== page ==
May 15, 2013
Alan Muse, Director of Built Environment Professional Groups (RICS) is calling for a cultural shift to ensure that Building Information Modelling (BIM) is more widely adopted. This follows the results of a survey taken at the RICS National BIM conference which revealed that despite its overwhelming recognition within the built environment nearly half of respondents were still not using the process, with 46 per cent identifying minimal client demand as a major factor preventing their implementation of BIM. Comments Muse: “Quite simply, some clients are not yet recognising the efficiencies that BIM can bring”, which is the reason why RICs is now developing a BIM accreditation standard.
Building Information Modelling (BIM) utilizes digital technologies which offer more efficient methods of designing, creating and maintaining the built environment. In essence BIM embeds key product and asset data within multi-dimensional computer models that can be used for effective management of information throughout the project lifecycle – from earliest inception through occupation.
In the RICS survey 100 per cent of respondents, from a broad spectrum of disciplines, said they have adopted, or are actively considering adopting BIM, which demonstrates that BIM is now being recognised by the entire industry. However 49 per cent of respondents stated they are not currently using the process, with 46 per cent of respondents identifying minimal client demand as a major factor preventing their implementation of BIM.
Comments Muse: “However, to achieve a change in client attitudes there needs to be a seismic shift in the industry. Some 23 per cent of respondents identified culture, and 15 per cent a lack of industry collaboration, as barriers to implementing BIM.
“Collaboration is particularly important as it is only when BIM is implemented at every stage of the property’s life-cycle from design and build through occupation and management that processes and financial efficiencies can be maximised.”
He adds: “It is clear that something needs to be done to help push a cultural shift within the sector.”
As a result, RICS is taking active steps in supporting its members and the wider industry with the development of a BIM accreditation that directly addresses the current lack of standards in BIM, identified by 17 per cent of survey respondents as a barrier to BIM uptake, and provides the necessary training that 17 per cent of respondents called for RICS to provide.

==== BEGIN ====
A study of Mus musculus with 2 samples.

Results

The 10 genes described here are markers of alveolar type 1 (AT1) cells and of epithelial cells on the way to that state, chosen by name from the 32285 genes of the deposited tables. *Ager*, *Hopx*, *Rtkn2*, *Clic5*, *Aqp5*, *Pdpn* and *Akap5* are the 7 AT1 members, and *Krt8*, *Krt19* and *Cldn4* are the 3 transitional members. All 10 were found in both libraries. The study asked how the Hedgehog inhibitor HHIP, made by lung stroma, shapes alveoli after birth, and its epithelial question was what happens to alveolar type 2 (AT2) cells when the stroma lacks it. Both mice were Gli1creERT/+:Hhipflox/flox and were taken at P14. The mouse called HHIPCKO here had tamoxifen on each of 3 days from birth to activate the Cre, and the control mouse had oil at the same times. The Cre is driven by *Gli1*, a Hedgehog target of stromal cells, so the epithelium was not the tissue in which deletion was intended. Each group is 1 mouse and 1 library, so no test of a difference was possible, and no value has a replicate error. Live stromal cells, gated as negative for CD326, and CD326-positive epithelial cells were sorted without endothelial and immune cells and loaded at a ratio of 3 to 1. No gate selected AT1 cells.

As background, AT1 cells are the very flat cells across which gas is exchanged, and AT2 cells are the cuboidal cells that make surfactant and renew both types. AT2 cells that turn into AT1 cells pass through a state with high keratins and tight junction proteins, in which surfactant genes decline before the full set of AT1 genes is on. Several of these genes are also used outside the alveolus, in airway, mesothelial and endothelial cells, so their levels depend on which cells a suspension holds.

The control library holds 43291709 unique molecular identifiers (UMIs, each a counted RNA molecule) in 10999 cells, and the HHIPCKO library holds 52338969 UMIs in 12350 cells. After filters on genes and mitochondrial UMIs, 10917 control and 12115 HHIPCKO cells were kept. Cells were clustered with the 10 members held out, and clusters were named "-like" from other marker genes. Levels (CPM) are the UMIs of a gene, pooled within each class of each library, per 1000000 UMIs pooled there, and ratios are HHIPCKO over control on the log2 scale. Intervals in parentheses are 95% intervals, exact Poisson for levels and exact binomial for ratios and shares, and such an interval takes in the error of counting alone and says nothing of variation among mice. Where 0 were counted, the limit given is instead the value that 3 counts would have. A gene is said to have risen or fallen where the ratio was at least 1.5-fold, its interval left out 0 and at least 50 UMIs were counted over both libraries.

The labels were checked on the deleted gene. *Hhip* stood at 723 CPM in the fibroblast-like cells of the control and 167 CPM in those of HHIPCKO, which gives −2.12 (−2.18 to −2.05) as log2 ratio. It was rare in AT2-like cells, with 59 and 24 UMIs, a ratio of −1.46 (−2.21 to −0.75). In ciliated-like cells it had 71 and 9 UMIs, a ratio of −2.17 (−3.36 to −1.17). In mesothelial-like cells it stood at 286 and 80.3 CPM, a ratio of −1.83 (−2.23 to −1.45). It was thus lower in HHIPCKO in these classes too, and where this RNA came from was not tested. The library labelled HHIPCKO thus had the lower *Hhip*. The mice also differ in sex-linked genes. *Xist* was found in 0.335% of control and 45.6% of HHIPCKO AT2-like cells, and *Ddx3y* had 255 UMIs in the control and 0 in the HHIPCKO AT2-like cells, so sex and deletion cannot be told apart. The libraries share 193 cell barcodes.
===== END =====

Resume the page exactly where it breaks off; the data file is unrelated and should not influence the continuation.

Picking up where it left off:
Muse believes this accreditation should help to prompt a shift in attitudes within and beyond the sector by supporting professionals in delivering consistency in their approach to BIM, while the improved efficiency in delivery of service should result in cost savings, thereby increasing client demand for BIM.
In addition to training and standards, the results from the survey overwhelmingly identified a need for organisations like RICS to work with other bodies (55 per cent of respondents) and continue to influence government policy (15 per cent of respondents).
Muse says the Institute is already working to initiate this through representation on the Construction Industry Council (CIC), the government-initiated Taskgroup for BIM, and the Government Trial Project Support Group.
It is also looking to work collaboratively with key industry bodies including the RIBA, the British Institute of Facilities Management, and the British Property Federation, to ensure BIM guidance is “joined up” across all sectors – thereby maximising its potential success.
He concludes: “If fully embraced, BIM will be a positive force for change in the construction and property industry and beyond. We are trying to enable the realisation of this potential by providing the tools and influence the industry has identified are needed. However, further work is needed if the industry is fully to realise BIM’s potential.”